Mar 5, 2024 - Health

Hospitals and PBMs seem to have dodged big federal reforms — for now

Illustration of a caduceus wiping sweat from its brow.

Illustration: Allie Carl/Axios

Hospitals and pharmacy benefit managers who've repeatedly been targeted in congressional debates over health spending appear to have ducked major federal reforms that could have upended how they do business.

Why it matters: The big congressional spending deal that was unveiled this week with health policy attachments largely keeps the status quo for the two powerful industries, potentially leaving patients exposed to higher health costs.

  • The must-pass package was viewed as the likeliest vehicle for big policy changes before the elections. Barring a surprise, any debate will be punted to a lame-duck session toward year's end.
  • "The combination of industry lobbying and dysfunction in Congress have conspired to stop anything from happening" on proposals to change how Medicare pays the providers or impose new price transparency requirements, said Larry Levitt, executive vice president of health policy at KFF.

Between the lines: After Congress addressed drug prices through the Inflation Reduction Act in 2022, attention on the hill shifted to PBMs, who negotiate with drugmakers on behalf of insurers and employers.

  • Members of both parties argued the companies were not passing enough of the discounts they received along to their clients, and weren't transparent enough in their business practices.
  • But lawmakers couldn't winnow an array of House and Senate bills and settle on a consensus plan. Republicans, in particular, were split on whether reforms should apply to private health insurance or just those on Medicare.
  • PBMs argue that they are in the business of taking on drug companies to lower prices and that lawmakers should focus on the manufacturers themselves if they want to control costs.

Hospitals also faced scrutiny, with lawmakers focusing on an industry that accounts for a much larger share of health care costs than prescription drugs.

  • One major proposal, known as site-neutral payments, sought to lower costs for the government and for patients by having Medicare pay the same for outpatient services regardless of whether they're delivered in hospital outpatient departments or independent physicians' offices.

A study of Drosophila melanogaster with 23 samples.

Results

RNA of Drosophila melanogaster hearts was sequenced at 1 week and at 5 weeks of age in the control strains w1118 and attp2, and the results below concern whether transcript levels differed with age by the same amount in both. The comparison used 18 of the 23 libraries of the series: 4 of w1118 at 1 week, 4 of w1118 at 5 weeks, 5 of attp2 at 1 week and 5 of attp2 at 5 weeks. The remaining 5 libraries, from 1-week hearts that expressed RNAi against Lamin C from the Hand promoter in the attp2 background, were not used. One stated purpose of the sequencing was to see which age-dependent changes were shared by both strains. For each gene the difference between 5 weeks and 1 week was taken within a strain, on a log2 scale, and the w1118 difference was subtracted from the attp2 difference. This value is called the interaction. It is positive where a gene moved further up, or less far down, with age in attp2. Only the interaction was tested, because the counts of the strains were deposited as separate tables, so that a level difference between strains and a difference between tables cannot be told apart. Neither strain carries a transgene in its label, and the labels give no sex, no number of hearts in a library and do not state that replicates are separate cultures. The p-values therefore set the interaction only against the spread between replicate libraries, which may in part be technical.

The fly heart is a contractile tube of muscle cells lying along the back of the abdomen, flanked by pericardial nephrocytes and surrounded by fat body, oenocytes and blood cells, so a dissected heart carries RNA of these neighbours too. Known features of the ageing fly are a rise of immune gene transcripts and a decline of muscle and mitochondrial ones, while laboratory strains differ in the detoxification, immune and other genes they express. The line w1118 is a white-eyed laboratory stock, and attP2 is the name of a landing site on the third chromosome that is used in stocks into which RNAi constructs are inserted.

• But hospitals vigorously fought the idea, arguing it would lead to diminished patient care and hurt struggling rural hospitals.
  • An effort to improve transparency by requiring hospitals to disclose prices, which even got a boost from a Super Bowl ad with prominent musicians, also fell victim to internal congressional squabbling.

By the numbers: The American Hospital Association boosted its lobbying by $3 million, up to over $25 million, from 2022 to 2023.

  • PCMA, the trade group for PBMs, almost doubled its spending in that time period, from $8.7 million to $15.4 million.

What's next: There's a second government funding package that needs to be passed by March 22, though working out all of the health policy differences in that short of a timeframe would be a major challenge.

  • The reform initiatives still have powerful backers in lawmakers such as House Energy and Commerce Committee Chair Cathy McMorris Rodgers (R-Wash.), who joined with Democrats on her panel on both hospital costs and PBM changes.
  • Senate Finance Committee Chairman Ron Wyden (D-Ore.) is another influential advocate for PBM changes, though he's expressed reservations about how Medicare hospital payment changes could affect rural areas.

The bottom line: Unlike the 2022 push to allow Medicare to negotiate with drug companies, these changes are wonkier and harder to explain to the public, even if they could end up saving patients money.

  • "The public isn't clamoring for action on these measures," Levitt said. "Most voters likely have no idea what a PBM is.
  • "This has been about a handful of motivated members of Congress on both sides of the aisle wanting to get something done, but it's hard to do that in the face of industry opposition."

A version of this story was published first on Axios Pro. Unlock more news like this by talking to our sales team.